Onions are an overlooked vegetable. Whether they’re being sautéed for a soup, sliced for a burger, or pickled for a salad, onions rarely steal the show of a meal, although they often inspire a sob story.
Onions are most known for their pungent flavor, not necessarily their nutritional value. Their white flesh (even in red onions) isn’t always perceived as being as nutritious as vibrantly colored vegetables like kale, broccoli, or beets. But that’s no reason to snub onions. Although some onion varieties are lacking in color, onions in general are one of the highest natural sources of a powerful flavonoid: quercetin.1
What is quercetin?
Quercetin is a flavonoid, which is a chemical compound found in plants. In addition to onions, quercetin is also found in many other fruits and vegetables like capers, asparagus, and apples, as well as tea and red wine.1
A single serving of onions is considered to be one medium onion, which contains around 52 milligrams (mg) of quercetin.2 But most people tend to not eat a whole onion in one sitting (unless they really like onions), so you’re probably not getting quite that much quercetin when you eat onions.
Even with all these natural sources of quercetin, it’s estimated that most people following a typical Western diet (think higher in simple sugars and animal products and lower in produce) only get 0 to 30 mg a day.1 That’s not a lot, considering research shows that some of quercetin’s health benefits are reached at supplemental intake levels, not from a food source, of 500 to 1,000 mg per day.3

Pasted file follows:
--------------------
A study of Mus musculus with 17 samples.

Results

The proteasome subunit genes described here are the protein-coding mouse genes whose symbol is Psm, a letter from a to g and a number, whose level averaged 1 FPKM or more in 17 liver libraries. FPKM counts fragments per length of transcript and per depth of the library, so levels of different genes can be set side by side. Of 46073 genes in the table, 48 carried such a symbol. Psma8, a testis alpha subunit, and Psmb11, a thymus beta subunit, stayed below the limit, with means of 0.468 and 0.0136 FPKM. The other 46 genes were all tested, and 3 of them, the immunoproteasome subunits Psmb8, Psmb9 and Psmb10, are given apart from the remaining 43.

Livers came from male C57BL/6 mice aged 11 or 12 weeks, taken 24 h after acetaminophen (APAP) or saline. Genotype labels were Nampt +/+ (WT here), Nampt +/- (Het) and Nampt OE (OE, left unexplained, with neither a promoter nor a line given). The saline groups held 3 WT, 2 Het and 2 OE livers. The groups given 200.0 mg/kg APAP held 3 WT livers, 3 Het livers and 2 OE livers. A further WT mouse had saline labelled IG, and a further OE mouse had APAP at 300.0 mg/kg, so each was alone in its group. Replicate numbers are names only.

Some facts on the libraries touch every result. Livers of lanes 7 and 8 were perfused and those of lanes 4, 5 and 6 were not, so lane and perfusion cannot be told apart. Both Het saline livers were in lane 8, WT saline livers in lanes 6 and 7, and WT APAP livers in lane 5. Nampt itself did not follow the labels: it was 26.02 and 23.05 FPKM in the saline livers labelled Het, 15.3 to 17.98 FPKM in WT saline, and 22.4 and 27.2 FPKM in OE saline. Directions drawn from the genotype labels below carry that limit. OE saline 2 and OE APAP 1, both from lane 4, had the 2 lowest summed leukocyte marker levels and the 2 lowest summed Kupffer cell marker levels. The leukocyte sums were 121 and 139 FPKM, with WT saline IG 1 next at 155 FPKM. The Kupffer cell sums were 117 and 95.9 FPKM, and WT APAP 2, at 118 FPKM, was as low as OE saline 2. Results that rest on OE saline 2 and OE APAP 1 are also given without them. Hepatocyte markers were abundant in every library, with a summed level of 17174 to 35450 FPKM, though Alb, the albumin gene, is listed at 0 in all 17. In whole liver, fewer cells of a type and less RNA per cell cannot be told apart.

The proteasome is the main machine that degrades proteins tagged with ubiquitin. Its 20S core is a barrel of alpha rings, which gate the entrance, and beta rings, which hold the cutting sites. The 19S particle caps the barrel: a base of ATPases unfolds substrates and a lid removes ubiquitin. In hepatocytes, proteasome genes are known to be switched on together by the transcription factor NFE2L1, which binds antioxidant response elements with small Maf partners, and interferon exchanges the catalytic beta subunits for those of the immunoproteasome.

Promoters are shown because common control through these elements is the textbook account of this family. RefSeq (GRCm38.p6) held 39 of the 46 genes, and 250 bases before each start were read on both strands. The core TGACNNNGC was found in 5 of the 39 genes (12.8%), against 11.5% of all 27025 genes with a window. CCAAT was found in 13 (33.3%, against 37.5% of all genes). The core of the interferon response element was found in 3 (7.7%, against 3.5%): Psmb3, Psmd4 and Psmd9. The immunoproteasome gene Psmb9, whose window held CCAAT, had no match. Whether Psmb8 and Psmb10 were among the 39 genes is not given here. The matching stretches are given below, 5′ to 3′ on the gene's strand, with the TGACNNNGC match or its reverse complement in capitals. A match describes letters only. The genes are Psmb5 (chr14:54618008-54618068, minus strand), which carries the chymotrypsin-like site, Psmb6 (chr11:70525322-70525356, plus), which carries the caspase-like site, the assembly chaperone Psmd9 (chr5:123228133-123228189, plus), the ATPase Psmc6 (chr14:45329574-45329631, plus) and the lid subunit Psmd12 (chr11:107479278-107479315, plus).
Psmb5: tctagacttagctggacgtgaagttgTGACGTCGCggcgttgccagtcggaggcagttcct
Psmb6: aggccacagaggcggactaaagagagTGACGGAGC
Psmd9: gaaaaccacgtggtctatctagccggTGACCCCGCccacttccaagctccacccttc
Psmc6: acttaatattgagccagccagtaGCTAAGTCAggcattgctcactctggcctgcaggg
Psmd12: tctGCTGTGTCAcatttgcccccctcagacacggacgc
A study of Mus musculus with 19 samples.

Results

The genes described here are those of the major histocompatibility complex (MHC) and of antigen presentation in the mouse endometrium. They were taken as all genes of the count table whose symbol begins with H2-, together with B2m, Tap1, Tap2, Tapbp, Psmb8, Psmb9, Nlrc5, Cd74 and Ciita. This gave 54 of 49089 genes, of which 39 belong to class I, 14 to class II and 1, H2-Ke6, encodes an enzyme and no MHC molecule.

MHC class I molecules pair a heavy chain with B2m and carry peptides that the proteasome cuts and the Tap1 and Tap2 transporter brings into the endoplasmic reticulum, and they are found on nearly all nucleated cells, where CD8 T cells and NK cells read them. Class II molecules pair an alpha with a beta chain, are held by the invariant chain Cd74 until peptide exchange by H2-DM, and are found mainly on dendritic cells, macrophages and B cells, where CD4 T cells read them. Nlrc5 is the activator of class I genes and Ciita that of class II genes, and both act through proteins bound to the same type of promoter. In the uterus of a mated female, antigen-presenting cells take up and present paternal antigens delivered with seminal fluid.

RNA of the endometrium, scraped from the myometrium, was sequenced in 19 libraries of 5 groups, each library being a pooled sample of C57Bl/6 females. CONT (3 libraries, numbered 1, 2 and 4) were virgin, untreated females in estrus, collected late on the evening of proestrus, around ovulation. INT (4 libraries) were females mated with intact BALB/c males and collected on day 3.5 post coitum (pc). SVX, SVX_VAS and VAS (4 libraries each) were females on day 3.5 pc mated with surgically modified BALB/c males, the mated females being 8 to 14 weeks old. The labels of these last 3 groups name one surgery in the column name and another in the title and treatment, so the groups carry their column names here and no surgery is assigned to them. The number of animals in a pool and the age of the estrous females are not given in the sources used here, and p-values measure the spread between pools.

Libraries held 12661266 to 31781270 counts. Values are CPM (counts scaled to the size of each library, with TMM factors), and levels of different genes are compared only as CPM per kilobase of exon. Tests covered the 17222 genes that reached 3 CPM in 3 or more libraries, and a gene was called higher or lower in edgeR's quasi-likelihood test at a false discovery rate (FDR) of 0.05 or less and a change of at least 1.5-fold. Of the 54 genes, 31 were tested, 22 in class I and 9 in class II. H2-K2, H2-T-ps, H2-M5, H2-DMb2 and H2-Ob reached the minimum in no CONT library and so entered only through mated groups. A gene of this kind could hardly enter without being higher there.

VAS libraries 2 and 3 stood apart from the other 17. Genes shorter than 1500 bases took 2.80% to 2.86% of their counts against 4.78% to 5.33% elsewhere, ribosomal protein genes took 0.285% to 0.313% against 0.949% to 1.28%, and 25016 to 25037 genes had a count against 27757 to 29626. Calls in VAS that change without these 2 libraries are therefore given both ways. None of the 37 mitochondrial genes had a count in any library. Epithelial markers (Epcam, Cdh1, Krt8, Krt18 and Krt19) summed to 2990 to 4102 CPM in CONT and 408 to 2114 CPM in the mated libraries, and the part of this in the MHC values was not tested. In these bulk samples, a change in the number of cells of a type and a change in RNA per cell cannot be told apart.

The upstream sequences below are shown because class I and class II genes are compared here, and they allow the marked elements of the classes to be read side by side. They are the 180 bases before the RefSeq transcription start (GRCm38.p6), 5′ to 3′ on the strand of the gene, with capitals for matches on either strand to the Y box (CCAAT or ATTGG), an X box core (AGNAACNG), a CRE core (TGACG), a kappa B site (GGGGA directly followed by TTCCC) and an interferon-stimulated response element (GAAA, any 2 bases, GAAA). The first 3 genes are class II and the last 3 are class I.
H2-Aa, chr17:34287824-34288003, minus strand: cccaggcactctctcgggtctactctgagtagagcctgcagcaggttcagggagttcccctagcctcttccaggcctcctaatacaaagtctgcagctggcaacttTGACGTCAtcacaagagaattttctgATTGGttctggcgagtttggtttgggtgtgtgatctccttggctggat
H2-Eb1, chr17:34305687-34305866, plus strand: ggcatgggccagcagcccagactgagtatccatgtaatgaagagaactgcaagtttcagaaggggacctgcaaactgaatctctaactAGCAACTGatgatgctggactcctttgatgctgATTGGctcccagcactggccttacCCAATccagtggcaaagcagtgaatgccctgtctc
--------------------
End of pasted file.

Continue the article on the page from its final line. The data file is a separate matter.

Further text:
Quercetin and health
Quercetin is one of the most studied dietary flavonoids and is associated with multiple health benefits. Two of this compound’s most notable benefits are supporting heart health and protecting against oxidative stress.
Heart health: Quercetin plays a positive role in supporting healthy blood pressure and endothelial health.4 The endothelium is the thin layer of cells lining the body’s blood vessels and heart. It is considered an active organ in the body as it helps control when blood vessels relax or constrict.5
Protection against oxidative stress: Everyone undergoes oxidative stress, which is caused when there is an imbalance of harmful free radicals, which damage cells and tissues. This process happens inside the body, so although you may not feel immediate effects from oxidative stress, it can affect both health and the immune system over time. Antioxidants can help quell some of that stress. And since quercetin acts as a free radical scavenger and supports antioxidant processes, it’s especially good at this.3
Getting the most quercetin out of onions
Because these health benefits are mainly seen at higher levels of quercetin intake, it’s important to maximize what you can from the diet. Here’s how you can get the most quercetin when eating onions.
Onions are a rich, natural source of the flavonoid quercetin. High intakes of quercetin are associated with cardiovascular benefits and oxidative stress protection. However, quercetin is not a “magic bullet” to health. Instead, focus on eating a plant-forward diet with lots of produce and know that onions, albeit smelly, are a healthful choice.
Join Our Community
Certain persons, considered experts, may disagree with one or more of the foregoing statements, but the same are deemed, nevertheless, to be based on sound and reliable authority. No such statements shall be construed as a claim or representation as to Metagenics products, that they are offered for the diagnosis, cure, mitigation, treatment or prevention of any disease.